Navigating the impact of world events on your investments

In just two years, major world events have run a terrifying course, from a health pandemic and ensuing market and social distress to a geopolitical threat turned full-scale war in Ukraine. The tragedy has been significant, and our thoughts are with all of those who have lost loved ones or had their lives severely disrupted.

World events of this scale introduce heightened risk and volatility into financial markets and can lead to significant market downturns and related drawdowns in investment portfolios. In the context of long-term investments, such events, and their ensuing volatility, have less of a long-term impact on your investment outcomes than you may think. Indeed, the most influential agents are unlikely to appear in the headlines; they are much closer to home: you, your independent financial adviser and your investment manager. Nomi Bodlani discusses.

Major world events can negatively impact the markets, but markets bounce back

While there might be numerous causal factors behind each market downturn, a defining feature of market crashes is the panic sell-off caused by fear, negative outlook and human psychology. Events like the COVID-19 pandemic and the war in Ukraine combine with fear and herd mentality to create a selling frenzy in which investors offload seemingly risky assets, causing prices to crash. At the same time, many investors seek to switch to perceived safe-haven assets (e.g. cash and gold), which may not be in your best long-term interests, and you may land up locking in losses.

But markets correct, meaning the impact can be temporary. History has shown time and time again that deep drawdowns (over 30%) are typically followed by high subsequent one-year returns. Longer term, this trend is not just typical ― it is almost always a given. Looking at South African equity market drawdowns since Allan Gray’s inception in 1973, the median five-year return following a drawdown that is greater than 30% is 27% per annum, with five-year returns after such a drawdown ranging from 14% per annum to 54% per annum. 

As investors experiencing a market crash, or nervously watching as one unfolds, the prevailing pessimism and market volatility make it hard to believe in attractive future returns. History doesn’t repeat itself exactly, but there is sufficient evidence that its pattern is one of hope for patient investors.

Of course, the market bouncing back does not mean that your investment portfolio will bounce back equally. Similarly, a well-constructed, actively managed portfolio can also beat the market. Balancing risk and return in a manner consistent with the goals of the particular fund rests on the skill of your investment manager.

Our job is to uncover opportunities for attractive future returns and position funds for success across multiple scenarios

In situations of extreme market volatility, our job as the investment manager is to remain disciplined and assess the impact on the fundamental value of businesses. While many investors use share prices and media reports to pick the companies they want to invest in, at Allan Gray, we work hard to establish the true value of a business as a whole, including its ability to make a sustainable profit over time and under different conditions. We then cautiously invest where we see value and where businesses appear to have the potential to survive and thrive beyond prevailing conditions. When changes in price and sentiment are more volatile than changes in value, it makes for great investment opportunities. This is because we only buy shares that are trading below our estimate of their true worth. As bottom-up stockpickers, we are less concerned about the market and economy than the factors that make individual shares attractive.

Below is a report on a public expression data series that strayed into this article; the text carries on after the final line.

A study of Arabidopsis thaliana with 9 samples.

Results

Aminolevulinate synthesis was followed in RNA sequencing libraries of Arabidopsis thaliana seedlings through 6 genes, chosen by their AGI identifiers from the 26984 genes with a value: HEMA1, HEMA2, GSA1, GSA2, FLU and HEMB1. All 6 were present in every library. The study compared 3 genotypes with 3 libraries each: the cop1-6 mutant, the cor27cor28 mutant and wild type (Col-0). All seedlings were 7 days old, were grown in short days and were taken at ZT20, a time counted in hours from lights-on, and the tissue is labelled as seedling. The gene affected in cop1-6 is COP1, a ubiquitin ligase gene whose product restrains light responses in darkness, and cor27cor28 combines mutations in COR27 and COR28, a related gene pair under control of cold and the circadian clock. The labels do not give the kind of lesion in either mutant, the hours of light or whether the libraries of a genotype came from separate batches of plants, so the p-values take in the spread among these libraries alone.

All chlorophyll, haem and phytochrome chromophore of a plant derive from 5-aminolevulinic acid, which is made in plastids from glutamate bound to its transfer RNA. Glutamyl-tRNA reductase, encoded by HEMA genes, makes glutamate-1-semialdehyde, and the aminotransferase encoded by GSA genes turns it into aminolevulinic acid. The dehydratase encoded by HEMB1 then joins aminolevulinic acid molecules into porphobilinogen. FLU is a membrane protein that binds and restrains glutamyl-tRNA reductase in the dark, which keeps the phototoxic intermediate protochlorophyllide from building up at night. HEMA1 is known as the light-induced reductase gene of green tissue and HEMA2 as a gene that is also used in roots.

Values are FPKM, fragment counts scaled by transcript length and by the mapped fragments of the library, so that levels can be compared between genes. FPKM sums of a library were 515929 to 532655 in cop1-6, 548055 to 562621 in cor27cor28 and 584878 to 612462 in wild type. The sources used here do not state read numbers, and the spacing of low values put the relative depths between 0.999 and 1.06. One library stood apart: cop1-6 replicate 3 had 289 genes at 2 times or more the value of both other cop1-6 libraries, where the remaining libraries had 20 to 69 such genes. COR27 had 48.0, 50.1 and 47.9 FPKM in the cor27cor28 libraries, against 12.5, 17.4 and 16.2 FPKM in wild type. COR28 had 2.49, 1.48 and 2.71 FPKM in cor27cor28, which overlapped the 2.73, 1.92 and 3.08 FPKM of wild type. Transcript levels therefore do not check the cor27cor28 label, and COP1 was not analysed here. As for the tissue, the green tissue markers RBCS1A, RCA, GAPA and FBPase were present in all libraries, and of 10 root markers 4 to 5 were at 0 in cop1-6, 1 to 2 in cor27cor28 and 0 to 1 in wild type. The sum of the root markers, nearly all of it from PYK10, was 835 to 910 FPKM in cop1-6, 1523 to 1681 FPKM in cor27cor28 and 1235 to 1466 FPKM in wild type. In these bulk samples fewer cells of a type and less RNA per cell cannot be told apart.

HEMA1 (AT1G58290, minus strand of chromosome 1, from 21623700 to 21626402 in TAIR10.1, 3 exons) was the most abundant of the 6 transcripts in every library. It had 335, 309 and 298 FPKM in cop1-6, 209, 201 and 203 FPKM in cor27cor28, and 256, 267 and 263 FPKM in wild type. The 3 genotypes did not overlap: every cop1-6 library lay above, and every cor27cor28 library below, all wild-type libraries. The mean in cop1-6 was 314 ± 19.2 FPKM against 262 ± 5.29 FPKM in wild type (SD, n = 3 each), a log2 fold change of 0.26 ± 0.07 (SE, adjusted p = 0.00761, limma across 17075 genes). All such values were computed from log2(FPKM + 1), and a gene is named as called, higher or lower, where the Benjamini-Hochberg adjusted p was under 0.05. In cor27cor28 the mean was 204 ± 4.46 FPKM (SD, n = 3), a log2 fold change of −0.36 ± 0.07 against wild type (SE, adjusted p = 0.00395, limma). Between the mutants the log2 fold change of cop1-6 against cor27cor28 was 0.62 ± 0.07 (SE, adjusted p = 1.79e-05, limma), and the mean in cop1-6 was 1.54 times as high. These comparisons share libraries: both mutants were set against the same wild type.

This is not to say that it is not possible for the underlying value of the assets we invest in to be impacted by tough conditions. However, it is important to distinguish between the environment and the prices one is paying for assets in that environment. If sentiment is low and those assets are already pricing in a poor economic outcome, they can still generate healthy investment returns.

So how can you protect yourself from the next COVID, Russia risk or European debt crisis? As Tim Acker, one of our portfolio managers, succinctly puts it: “You build in a margin of safety, you buy companies that are good businesses and trade at attractive valuations that should do well regardless of what happens. You also make sure you are not overexposed to any given risk.”

In addition, partnering with an independent financial adviser (IFA) who can make sure that your  portfolios are well diversified to achieve the same end goal, is key.

Passing through the storm

During a market downturn, the best course of action is usually to do nothing. Most investors are not good at timing the market. Exiting the market on the way down will result in losing out on the subsequent recovery. This is also where the expert guidance of an IFA comes in:  to help you control the temptation to disinvest when the going gets tough.

As US lawyer Benjamin Roth noted in his diary detailing his observations during the Great Depression: “Business will always come back. It will remain neither depressed nor exalted. The stock market forecasts business in only a limited way. The beginning of a stock market movement usually is caused by the trend of business but in the end the movement is carried too high or too low – by the extreme optimism or despair of human nature.”